Ian Wallace’s Birding Masterclass – Part 33



December 1988

BRITAIN and Ireland have only 10 of the Western Palearctic's 17 owls and five of those are rare, so your apprenticeship in these ghostly, nocturnal raptors has to start with the common species. Here IAN WALLACE starts your lesson on their identification.

Owls make for special birds that always thrill and regularly infuriate. Mainly nocturnal, sitting tight, flitting or wavering away without warning, disappearing into dense cover and without regular alarm calls, they make hard targets, all too briefly gone from eye or glass.

Furthermore, getting to know them well is a task of years, not days. It must include study of size and form, flight action, plumage colours and patterns, and songs and territorial calls.

Before we get into the hard work, let us establish the “order of likely batting”.

The figures that I have given above are the mid-points of the BTO’s Winter Atlas estimates but the actual numbers of owls in winter can vary widely, with sizable immigrations in autumn or hard weather swelling the contingents of the two “eared” species, and heavy losses from starvation hastening the sad decline of the Barn in our lands.

The order of numbers suggests that eight Tawnies will come our way before any other owl. The fact is that birds do not always conform to such ratios. In my last two study areas, Littles have been more viable than Tawnies – but not more audible and in the last really severe winter, it was Short-eared and Barns that led in sightings. So, you will have to be ready for any of the quintet.

Let us now assess owl behaviour in winter:

Here we see more fully why the ratio of winter owl numbers does not translate readily into a ratio of winter owl visibility. Owl behaviour is not all “grab mouse by the light of the moon”, and by balancing habitat preference against behaviour, you can learn to judge where your owls should be, and hopefully are.

Alright, now let us assume that we have found an owl and flushed it. The snag is the lack of light and the quickness of the view. So concentration on size, form and flight action is essential:

Summarising the above is dangerous, but in conjunction with the earlier analyses, your focus on owls should be getting sharper. That small, bounding one is probably Little (but remember that Tengmalm’s is not impossible); that less small floating ghost really has to be Barn (for Snowy is really big, almost Buzzard-like) and that bulky barrel that glided directly really is Tawny. The difficult pair are the two eared species, but the occasions when they are in the same habitats (other than as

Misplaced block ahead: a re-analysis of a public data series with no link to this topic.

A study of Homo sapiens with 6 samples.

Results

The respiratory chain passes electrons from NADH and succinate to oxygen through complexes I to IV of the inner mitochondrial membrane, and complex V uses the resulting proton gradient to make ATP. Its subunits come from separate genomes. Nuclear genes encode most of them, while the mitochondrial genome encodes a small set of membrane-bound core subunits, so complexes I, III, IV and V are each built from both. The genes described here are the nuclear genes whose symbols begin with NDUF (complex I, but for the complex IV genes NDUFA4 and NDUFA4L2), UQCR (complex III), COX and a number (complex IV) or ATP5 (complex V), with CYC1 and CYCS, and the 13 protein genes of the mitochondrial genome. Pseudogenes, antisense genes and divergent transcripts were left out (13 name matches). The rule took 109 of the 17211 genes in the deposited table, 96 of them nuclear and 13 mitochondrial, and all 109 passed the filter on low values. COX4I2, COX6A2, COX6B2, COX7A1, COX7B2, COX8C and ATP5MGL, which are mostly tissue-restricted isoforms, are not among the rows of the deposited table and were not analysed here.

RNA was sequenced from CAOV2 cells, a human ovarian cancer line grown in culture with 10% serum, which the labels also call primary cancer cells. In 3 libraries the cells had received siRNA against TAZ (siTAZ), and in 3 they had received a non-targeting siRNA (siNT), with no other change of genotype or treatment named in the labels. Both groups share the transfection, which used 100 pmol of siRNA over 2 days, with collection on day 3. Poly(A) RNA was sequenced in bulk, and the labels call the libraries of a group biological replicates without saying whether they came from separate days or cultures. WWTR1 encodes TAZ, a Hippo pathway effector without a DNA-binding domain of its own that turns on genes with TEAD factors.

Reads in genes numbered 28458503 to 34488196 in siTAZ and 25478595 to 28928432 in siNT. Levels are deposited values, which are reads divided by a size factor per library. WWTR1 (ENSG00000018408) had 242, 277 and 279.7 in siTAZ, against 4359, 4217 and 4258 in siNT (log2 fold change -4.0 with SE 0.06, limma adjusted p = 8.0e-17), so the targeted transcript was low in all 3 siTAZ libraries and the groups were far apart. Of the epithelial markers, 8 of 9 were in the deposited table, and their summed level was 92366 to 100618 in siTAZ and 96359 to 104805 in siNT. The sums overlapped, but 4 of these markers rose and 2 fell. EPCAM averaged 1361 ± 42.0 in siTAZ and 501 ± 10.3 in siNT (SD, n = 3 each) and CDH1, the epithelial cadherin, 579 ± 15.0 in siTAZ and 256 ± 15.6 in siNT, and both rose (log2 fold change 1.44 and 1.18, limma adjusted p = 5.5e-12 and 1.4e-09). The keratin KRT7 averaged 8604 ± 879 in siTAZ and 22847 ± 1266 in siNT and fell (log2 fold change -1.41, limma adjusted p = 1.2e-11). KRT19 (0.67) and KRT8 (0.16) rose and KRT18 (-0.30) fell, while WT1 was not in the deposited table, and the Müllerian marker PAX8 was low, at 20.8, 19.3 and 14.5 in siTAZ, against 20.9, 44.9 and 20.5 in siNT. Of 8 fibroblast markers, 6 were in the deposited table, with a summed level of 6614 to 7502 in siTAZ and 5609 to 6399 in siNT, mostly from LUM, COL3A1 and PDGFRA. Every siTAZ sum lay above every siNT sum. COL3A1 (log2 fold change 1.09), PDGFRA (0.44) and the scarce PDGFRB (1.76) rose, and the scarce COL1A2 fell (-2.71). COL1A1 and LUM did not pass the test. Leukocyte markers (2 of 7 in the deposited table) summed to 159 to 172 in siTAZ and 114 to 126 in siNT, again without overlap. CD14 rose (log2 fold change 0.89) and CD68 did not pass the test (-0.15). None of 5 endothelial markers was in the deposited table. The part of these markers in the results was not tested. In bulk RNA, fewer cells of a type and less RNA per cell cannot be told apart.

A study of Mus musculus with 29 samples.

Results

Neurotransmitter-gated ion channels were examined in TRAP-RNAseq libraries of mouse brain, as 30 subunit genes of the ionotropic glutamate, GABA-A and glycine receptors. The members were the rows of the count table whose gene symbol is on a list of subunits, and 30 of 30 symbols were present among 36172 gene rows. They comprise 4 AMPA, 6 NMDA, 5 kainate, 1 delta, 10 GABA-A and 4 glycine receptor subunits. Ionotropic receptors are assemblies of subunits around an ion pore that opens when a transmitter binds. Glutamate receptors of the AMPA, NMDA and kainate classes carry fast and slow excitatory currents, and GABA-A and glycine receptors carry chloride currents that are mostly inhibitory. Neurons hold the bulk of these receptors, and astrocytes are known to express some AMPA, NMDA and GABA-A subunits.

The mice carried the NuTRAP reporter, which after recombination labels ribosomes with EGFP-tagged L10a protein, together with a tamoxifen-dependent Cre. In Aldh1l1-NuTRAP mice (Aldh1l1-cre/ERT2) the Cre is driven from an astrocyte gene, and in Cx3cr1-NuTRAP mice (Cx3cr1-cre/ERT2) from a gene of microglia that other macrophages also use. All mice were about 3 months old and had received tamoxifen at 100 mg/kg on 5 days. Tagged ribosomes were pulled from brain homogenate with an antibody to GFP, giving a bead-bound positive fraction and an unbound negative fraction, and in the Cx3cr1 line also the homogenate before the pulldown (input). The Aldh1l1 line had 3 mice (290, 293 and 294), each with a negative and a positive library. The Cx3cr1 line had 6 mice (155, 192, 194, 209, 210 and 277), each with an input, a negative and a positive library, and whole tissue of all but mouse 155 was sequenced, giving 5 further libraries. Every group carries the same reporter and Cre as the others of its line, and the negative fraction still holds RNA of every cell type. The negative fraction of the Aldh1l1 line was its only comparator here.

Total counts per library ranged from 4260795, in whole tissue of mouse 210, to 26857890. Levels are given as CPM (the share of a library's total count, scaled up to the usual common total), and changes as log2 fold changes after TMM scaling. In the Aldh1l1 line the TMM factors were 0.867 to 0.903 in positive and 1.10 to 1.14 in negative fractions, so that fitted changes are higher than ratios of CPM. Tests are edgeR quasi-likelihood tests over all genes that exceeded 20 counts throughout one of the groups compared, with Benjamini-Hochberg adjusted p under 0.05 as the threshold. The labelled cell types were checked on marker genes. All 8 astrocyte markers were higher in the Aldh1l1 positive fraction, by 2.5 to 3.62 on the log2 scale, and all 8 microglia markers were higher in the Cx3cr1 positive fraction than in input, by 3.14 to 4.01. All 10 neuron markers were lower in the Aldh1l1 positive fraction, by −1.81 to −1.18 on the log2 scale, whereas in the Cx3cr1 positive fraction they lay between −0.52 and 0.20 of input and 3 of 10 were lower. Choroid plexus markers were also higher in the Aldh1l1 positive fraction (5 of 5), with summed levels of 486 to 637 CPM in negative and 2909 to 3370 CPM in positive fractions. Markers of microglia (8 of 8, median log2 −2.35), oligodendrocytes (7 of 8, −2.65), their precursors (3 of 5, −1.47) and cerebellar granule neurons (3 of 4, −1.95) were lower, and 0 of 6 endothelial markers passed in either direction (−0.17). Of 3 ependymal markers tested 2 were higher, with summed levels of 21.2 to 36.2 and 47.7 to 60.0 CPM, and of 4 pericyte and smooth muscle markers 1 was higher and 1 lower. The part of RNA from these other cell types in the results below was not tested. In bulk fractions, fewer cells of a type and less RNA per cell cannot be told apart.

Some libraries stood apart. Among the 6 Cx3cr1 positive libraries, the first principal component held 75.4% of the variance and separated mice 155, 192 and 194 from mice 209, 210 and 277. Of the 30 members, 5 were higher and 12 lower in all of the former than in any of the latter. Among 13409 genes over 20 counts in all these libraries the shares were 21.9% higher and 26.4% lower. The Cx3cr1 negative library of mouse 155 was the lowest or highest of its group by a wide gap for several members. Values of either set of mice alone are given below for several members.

This leaves us with owl plumage and a further study of owl voices. The first of these subjects can cause total blindness, because owl feathers are among the most intricately patterned of all birds, while their colours can in poor light (or if starkly illuminated) appear to be similar.

Thus looking too closely at owls or their illustrations can be confusing and it is better to isolate the most striking characters. Once again you can spot the troublesome pair of the eared species. So do not forget to note form and flight while you are straining for plumage.

Last but not least come owl sounds. Your field guide will have the commonest calls, but you should be aware of more than these, for most owls have extensive vocabularies and so utter many audible clues. There really is no short route to knowing them and therefore I have to recommend that you read the ‘Handbook’ or ‘Birds of the Western Palearctic’ texts, and also do all that you can to learn the voices of Tawny and Little well in your local gloom. Remembering too that some calls are seasonal, familiarity with the utterances of the two most vocal species is the only safe basis of voice identification. I have added some transcriptions to the plate figures.

If by now you are fired with enthusiasm for owls, can I ask a favour? Please try to find and study Long-eared. It is a truly beautiful and still mysterious beast and worth real care and attention.

Two last hints. Firstly, winter really is a good time to start your owl studies. Not only are the leaves off most trees, but also dawn and dusk fill relatively more of the available day. Secondly, remember the habit of small birds of mobbing owls, and do not pass up any opportunity to investigate the noisy gatherings that assemble to abuse the secret raptor. Get close (quietly) and you could be treated to both tits and wrens fussing around the owl, and even Mistle Thrushes dive-bombing it!